Walter J. “Wally” Curran, Jr., MD, the first radiation oncologist to serve as director of a National Cancer Institute-designated comprehensive cancer center, stepped down from that role at Emory University’s Winship Cancer Institute in January 2021 to take the reins as global chief medical officer of GenesisCare, which provides radiation oncology, urology, and pulmonary treatments out of 440 centers across the world.
Also former chairman of the Department of Radiology at Winship, Dr. Curran will continue to serve as a professor emeritus there. He will also retain his role as a group chairman of the cooperative clinical-trials organization NRG Oncology.
Dr. Curran is an international expert in the management of patients with locally advanced lung cancer and malignant brain tumors who has led landmark clinical trials and is credited with defining a widely used staging system for patients with malignant glioma.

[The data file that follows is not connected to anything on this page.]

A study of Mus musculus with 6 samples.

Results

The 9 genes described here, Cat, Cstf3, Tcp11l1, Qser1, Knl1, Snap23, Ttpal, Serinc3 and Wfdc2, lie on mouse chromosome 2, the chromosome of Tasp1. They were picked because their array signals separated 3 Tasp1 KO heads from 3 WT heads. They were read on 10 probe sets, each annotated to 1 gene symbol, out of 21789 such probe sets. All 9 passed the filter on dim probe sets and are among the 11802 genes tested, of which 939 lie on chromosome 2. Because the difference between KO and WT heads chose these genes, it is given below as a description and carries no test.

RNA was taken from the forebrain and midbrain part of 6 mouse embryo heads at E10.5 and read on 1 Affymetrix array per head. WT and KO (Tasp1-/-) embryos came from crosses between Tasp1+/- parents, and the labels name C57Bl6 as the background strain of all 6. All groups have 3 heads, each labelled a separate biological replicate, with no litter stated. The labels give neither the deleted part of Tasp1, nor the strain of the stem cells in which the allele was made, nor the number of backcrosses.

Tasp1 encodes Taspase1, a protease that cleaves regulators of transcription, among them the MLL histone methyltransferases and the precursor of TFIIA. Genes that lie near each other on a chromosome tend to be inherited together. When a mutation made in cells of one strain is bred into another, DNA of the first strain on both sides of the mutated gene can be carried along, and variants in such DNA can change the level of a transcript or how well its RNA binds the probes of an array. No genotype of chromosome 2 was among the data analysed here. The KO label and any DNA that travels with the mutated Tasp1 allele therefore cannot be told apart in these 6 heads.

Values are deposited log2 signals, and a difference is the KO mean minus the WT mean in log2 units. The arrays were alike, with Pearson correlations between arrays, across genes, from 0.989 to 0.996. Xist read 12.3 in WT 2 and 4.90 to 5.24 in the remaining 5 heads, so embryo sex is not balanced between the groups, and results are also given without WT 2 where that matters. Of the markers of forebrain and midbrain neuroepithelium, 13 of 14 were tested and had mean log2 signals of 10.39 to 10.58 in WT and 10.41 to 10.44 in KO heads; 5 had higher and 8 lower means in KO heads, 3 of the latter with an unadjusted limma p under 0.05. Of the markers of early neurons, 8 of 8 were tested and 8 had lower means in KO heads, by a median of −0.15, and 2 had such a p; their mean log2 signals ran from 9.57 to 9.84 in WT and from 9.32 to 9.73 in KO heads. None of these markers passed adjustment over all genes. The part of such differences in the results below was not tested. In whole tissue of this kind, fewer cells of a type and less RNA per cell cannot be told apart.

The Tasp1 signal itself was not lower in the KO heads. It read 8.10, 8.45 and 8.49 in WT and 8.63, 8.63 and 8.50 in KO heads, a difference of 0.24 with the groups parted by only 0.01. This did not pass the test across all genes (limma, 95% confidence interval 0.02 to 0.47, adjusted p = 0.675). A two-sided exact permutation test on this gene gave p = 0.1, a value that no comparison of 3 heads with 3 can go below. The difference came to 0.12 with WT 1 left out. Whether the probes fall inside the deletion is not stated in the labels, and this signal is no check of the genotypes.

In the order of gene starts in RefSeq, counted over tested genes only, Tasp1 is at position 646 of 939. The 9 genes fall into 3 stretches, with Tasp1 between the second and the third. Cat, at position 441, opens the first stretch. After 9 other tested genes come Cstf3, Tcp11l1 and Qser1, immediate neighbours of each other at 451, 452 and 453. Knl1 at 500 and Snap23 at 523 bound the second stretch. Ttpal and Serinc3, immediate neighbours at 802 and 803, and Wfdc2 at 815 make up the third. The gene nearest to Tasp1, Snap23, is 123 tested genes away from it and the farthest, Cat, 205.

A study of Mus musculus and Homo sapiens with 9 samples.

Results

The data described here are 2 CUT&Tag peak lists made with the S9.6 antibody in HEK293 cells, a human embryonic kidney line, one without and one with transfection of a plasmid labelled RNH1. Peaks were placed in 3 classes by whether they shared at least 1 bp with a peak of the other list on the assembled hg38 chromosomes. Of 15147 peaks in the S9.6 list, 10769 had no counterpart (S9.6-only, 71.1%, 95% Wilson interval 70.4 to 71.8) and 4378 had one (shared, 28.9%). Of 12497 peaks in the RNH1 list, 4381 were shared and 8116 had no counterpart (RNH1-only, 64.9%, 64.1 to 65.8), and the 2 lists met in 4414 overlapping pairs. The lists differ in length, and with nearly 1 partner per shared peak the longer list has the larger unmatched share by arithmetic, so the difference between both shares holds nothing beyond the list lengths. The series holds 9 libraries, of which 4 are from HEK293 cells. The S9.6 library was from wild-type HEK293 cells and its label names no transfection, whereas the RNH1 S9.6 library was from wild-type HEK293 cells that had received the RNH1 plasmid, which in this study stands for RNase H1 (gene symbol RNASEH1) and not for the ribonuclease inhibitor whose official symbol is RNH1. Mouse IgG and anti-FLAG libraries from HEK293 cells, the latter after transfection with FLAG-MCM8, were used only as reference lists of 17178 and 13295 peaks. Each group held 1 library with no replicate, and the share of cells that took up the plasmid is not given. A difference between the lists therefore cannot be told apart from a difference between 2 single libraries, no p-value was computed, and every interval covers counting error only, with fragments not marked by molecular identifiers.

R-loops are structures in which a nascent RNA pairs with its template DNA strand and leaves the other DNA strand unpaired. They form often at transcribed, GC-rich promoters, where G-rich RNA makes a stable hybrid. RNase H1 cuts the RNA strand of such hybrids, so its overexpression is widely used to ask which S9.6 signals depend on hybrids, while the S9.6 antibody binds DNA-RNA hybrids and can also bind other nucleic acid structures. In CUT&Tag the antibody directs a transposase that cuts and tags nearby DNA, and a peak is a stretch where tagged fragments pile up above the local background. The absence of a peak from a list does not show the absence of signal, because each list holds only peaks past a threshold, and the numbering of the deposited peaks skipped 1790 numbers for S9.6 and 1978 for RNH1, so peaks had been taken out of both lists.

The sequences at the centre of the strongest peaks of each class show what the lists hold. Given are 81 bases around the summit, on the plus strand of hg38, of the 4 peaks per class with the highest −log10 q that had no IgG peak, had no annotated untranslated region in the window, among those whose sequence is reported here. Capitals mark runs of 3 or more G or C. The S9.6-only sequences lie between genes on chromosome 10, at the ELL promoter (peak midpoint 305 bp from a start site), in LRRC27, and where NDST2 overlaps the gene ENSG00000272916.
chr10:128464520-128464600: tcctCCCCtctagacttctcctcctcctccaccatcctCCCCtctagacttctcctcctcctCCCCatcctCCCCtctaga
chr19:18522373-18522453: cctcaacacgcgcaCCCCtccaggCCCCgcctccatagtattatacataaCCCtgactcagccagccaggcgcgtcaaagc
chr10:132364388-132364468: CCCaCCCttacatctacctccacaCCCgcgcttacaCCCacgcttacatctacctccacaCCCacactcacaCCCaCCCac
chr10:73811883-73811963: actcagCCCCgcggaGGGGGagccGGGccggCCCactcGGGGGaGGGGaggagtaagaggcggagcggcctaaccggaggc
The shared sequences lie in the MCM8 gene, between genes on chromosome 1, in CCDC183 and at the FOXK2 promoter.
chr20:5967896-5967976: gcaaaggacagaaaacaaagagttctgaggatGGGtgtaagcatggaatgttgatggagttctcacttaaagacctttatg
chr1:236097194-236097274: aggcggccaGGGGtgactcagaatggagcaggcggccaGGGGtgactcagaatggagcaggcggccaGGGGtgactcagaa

A fellow of the American Society of Clinical Oncology who served on its board of directors, Dr. Curran is founding secretary/treasurer of the Coalition of Cancer Cooperative Groups and a board member of the Georgia Center for Oncology Research and Education. The journal Medical Imaging named him the leading radiation oncologist/cancer researcher of 2006 based on the results of a peer survey, and in 2013, the Georgia Research Alliance named him an Eminent Scholar and Chair in Cancer Research.
Before joining Emory, Dr. Curran served as professor and chairman of radiation oncology at Thomas Jefferson University in Philadelphia and as clinical director of that institution's Kimmel Cancer Center.
The author or co-author of more than 700 abstracts and papers, Dr. Curran was listed among the top 25 principal investigators for 2012 and 2013, ranked according to overall levels of National Institutes of Health funding, by the Blue Ridge Institute for Medical Research.
His career achievement awards include recognitions from the American Head and Neck Society, the American College of Radiation Oncology, the Brain Tumor Foundation for Children, and his alma mater, the Medical College of Georgia in Augusta. In 2019, the American Society for Radiation Oncology awarded him its highest honor, the Gold Medal, for his outstanding contributions to the field.